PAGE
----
Spate of films look at Mussolini era

ROME — More than 60 years after Benito Mussolini’s death, the fascist-era’s dark days are turning into a hot cinematic commodity in Italy, where helmers are mining the country’s two decades suffered under the now-despised dictator for stories with fresh angles.

Last week, Marco Bellocchio confirmed he is prepping a feature that will tackle the long-suppressed tale of Mussolini’s illegitimate son, also named Benito, who died at age 27 in a mental institution where he had been relegated by fascist militiamen eager to erase proof of his existence. Though known to historians, this is a skeleton that had been buried inside the country’s collective closet.

“It’s an Italian tragedy; a largely unknown story, which I think will cause lots of discussion,” says Bellocchio.

The veteran auteur fared well with local auds in 2003 with his political thriller “Good Morning, Night” about a more recent scar in Italy’s national psyche, the 1978 kidnapping and murder of Italian Prime Minister Aldo Moro by Red Brigades terrorists.

Meanwhile, Marco Tullio Giordana, best known Stateside for his absorbing 1968-generation epic “Best of Youth” next month will start shooting “Crazy Blood,” a biopic about fascist-era thesping couple Osvaldo Valenti and Luisa Ferida, both shot dead in 1945, just as WWII ended, by partisans angered over their fascist connections.

Monica Bellucci will play the Mussolini-era diva, star of Alessandro Blasetti’s 1940 hit epic “The Iron Crown.”

Giordana’s “Blood,” to be made for both theatrical and TV, is being financed in part by Euro subsidy entity Eurimages and co-produced by Angelo Barbagallo with pubcaster RAI’s RAI Cinema unit, which is also backing the Bellocchio pic.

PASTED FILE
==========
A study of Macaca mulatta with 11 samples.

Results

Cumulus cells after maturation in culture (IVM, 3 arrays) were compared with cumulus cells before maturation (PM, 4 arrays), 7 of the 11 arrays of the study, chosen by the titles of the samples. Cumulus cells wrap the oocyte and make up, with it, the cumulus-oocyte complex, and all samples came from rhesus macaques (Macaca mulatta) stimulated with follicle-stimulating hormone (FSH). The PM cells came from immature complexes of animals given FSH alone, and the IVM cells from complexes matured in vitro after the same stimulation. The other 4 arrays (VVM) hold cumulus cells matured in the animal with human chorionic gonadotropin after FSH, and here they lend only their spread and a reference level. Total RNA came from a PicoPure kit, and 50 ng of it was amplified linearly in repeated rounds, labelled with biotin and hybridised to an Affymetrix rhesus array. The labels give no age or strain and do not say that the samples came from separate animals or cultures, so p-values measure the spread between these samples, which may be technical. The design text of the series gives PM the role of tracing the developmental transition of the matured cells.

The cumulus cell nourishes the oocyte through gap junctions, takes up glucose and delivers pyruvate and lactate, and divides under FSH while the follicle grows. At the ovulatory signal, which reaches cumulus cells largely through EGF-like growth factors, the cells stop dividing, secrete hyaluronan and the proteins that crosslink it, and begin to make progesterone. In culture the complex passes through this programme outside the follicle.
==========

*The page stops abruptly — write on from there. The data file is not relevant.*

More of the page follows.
“Just like in the rest of Europe, Italian filmmakers are now taking a more detached, perhaps less hostile, look at dark periods in their recent history, which were previously, more or less subconsciously, being avoided,” says Giancarlo Leone, RAI’s deputy director general.

He cites Teutonic Hitler biopic “The Downfall” and recent comedy “Mein Fuhrer: The Truly Truest Truth About Adolf Hitler” as other recent Euro revisitations.

In what is likely to be the touchiest of its fascist-era projects, RAI has also announced a TV drama project based on best-seller “Il sangue dei vinti” (The Blood of the Losers), an account by l’Espresso journo Gianpaolo Pansa of atrocities perpetrated by anti-fascist partisans during, and right after, Italy’s civil war.

On the lighter side, a sci-fi spoof titled “Fascists on Mars” by comic actor-helmer Corrado Guzzanti was a minor sleeper hit last fall, produced and released by Domenico Procacci’s Fandango. But rather than revisiting the dictator’s days, this surreal re-creation of Mussolini-era newsreels depicting an imaginary 1939 mission to Mars to turn the Red Planet fascist black was actually a means to satirize Silvio Berlusconi and the present-day media mogul-cum-politico’s anachronistic anti-communism.